The Kilauea Point National Wildlife Refuge on Kauai in the Hawaiian Islands focuses on restoring seabird breeding populations, enhancing coastal ecosystems, monitoring and research, and environmental education. It opened back in 1985 offering breathtaking views of the Pacific ocean, wildlife, and the historic Daniel K. Inouye Kilauea Point Lighthouse. The historic lighthouse picture below was taken by my grandmother back in 1982. A visitor center was completed in 1989, but it wasn’t until 2013 that restoration of the lighthouse was complete. The lighthouse has not been in operation since 1976 and now available for tour. You can read more about the history here.
The Koa’e’ula (Red-tailed tropicbird) was definitely the most vocal of the birds that I observed and are easy to spot with their long red tail streamer that can grow up to 35 cm in length and may serve ornamental uses. They nest year round at Kilauea Point and with the help of increased protection, Hawaiian populations have expanded since the 1950’s. It is now estimated that there are 13,000 breeding pairs in the Northwestern Chain of the Hawaiian Islands.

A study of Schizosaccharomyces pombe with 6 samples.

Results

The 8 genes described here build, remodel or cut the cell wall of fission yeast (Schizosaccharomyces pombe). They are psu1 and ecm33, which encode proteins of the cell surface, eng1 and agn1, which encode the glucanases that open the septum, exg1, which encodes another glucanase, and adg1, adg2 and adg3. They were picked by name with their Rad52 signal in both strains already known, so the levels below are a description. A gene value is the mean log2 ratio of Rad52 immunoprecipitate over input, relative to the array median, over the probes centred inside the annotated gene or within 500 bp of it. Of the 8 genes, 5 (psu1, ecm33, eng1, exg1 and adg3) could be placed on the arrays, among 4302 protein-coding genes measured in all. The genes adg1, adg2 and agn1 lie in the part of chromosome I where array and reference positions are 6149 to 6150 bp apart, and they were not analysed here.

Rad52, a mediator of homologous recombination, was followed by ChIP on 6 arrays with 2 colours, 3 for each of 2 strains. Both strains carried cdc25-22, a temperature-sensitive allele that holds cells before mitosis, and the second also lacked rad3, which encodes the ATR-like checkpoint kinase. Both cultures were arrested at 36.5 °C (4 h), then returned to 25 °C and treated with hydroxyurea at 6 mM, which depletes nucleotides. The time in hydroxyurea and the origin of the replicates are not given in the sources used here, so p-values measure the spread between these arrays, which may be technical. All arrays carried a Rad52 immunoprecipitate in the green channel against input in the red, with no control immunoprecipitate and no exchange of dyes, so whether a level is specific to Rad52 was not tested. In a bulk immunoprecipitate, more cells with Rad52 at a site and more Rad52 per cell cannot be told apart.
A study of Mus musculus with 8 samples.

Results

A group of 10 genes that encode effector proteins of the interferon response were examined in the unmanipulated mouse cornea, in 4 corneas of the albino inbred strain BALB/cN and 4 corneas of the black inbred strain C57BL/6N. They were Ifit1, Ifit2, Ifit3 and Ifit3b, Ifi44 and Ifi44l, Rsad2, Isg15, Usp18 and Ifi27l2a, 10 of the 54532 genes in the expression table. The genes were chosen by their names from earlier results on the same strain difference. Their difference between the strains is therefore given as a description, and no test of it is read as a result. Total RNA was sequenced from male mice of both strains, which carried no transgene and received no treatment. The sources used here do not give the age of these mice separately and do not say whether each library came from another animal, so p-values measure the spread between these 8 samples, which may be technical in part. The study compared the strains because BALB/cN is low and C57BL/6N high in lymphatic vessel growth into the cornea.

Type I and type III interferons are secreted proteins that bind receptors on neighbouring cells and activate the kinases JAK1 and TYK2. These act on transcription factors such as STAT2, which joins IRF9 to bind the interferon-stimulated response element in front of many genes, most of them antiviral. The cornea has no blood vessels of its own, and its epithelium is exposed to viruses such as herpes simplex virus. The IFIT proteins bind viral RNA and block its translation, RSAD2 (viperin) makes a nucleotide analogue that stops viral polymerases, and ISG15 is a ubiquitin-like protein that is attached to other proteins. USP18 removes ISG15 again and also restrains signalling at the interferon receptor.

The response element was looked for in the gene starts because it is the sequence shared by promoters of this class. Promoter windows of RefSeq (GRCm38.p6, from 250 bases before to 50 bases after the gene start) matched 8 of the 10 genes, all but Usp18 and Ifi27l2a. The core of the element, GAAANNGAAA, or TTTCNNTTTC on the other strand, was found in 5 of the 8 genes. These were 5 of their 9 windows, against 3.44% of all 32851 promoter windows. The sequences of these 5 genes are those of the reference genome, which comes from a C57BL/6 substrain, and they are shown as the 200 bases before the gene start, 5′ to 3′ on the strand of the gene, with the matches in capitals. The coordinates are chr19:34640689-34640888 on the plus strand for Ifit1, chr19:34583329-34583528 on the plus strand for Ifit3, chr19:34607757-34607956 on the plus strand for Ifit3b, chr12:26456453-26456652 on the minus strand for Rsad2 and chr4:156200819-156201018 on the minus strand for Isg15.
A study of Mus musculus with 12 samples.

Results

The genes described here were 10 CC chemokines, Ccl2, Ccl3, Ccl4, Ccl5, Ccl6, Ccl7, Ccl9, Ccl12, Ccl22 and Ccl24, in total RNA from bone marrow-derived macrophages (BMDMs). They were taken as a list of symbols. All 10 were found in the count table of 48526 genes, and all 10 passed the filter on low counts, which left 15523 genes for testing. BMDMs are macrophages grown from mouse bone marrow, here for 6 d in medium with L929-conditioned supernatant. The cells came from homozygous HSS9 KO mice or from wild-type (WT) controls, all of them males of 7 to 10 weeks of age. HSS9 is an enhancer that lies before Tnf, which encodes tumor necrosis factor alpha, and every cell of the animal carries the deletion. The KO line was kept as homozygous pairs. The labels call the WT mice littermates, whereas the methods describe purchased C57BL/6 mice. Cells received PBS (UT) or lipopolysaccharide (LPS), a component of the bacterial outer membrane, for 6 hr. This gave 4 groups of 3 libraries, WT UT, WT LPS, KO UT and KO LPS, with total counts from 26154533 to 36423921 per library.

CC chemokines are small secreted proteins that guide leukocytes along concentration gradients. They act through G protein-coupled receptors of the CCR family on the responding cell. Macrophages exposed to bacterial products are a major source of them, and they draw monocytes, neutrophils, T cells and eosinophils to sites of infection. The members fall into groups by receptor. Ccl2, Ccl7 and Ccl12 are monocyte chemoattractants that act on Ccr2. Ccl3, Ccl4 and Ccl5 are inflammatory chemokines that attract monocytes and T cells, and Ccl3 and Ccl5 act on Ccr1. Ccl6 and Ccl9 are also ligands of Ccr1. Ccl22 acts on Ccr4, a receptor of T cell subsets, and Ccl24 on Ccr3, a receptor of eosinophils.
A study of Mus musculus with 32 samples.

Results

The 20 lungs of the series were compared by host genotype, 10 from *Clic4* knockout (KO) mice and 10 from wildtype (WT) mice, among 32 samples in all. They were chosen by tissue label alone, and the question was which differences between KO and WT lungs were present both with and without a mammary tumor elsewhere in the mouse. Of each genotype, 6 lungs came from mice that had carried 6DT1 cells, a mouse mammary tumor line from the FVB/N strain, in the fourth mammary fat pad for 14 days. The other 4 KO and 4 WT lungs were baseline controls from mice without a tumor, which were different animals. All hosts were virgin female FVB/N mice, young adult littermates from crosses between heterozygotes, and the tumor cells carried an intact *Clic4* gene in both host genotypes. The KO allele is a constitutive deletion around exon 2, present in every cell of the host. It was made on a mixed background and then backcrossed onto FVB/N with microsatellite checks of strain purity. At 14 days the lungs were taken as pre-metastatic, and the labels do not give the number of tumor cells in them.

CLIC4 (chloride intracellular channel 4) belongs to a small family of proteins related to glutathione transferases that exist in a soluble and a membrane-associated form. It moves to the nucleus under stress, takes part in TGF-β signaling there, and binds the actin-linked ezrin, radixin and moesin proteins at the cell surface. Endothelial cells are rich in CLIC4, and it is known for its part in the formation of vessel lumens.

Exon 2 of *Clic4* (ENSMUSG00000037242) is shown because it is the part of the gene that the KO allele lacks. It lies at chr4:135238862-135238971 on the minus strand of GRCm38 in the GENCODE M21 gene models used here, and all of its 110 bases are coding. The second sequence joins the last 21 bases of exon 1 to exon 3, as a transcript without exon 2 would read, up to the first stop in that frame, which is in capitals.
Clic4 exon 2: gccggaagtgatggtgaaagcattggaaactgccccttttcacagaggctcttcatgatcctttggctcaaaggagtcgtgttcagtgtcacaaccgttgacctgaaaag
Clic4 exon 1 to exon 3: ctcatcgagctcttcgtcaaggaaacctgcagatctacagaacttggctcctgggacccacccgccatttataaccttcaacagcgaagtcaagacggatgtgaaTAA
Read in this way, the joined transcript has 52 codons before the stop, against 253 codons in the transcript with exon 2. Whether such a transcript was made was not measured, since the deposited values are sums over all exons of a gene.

The ‘Iwa (Great frigatebird) does not nest in the area but roosts near Kilauea Point. The word ‘iwa translates to “thief,” and is rightly named because they are known to steal from other birds. With a wingspan of 7 feet, they are amazing to watch in the air. They cannot land in water so they spend most of their time flying. Great frigatebird populations in Hawaii are stable or increasing but are in decline elsewhere due to heavy persecution for human food sources, not enough prevention of poaching and hunting, introduced predators, and habitat degradation.
The Red-footed Booby seen at Kilauea Point is a white color morph. A brown morph also exists, but the white morphs greatly outnumber them. Kilauea Point is the only colony on Kauai and are present year round. Interestingly, red-footed boobies are often found with other flocks of birds hunting tuna and other predatory fish, helping local fishermen find good fishing grounds. According to the Kauai Endangered Seabird Recovery Project, populations are stable or increasing with the help of officially protected areas.
Other birds you may see at the refuge include white-tailed tropicbirds, wedge-tailed shearwaters, Laysan albatross, brown booby, black-footed albatross, Hawaiian goose, Pacific golden plover, wandering tattler, Newell’s shearwater, and the ruddy turnstone. Marine mammals including whales, turtles, and monk seals may also brighten your day here.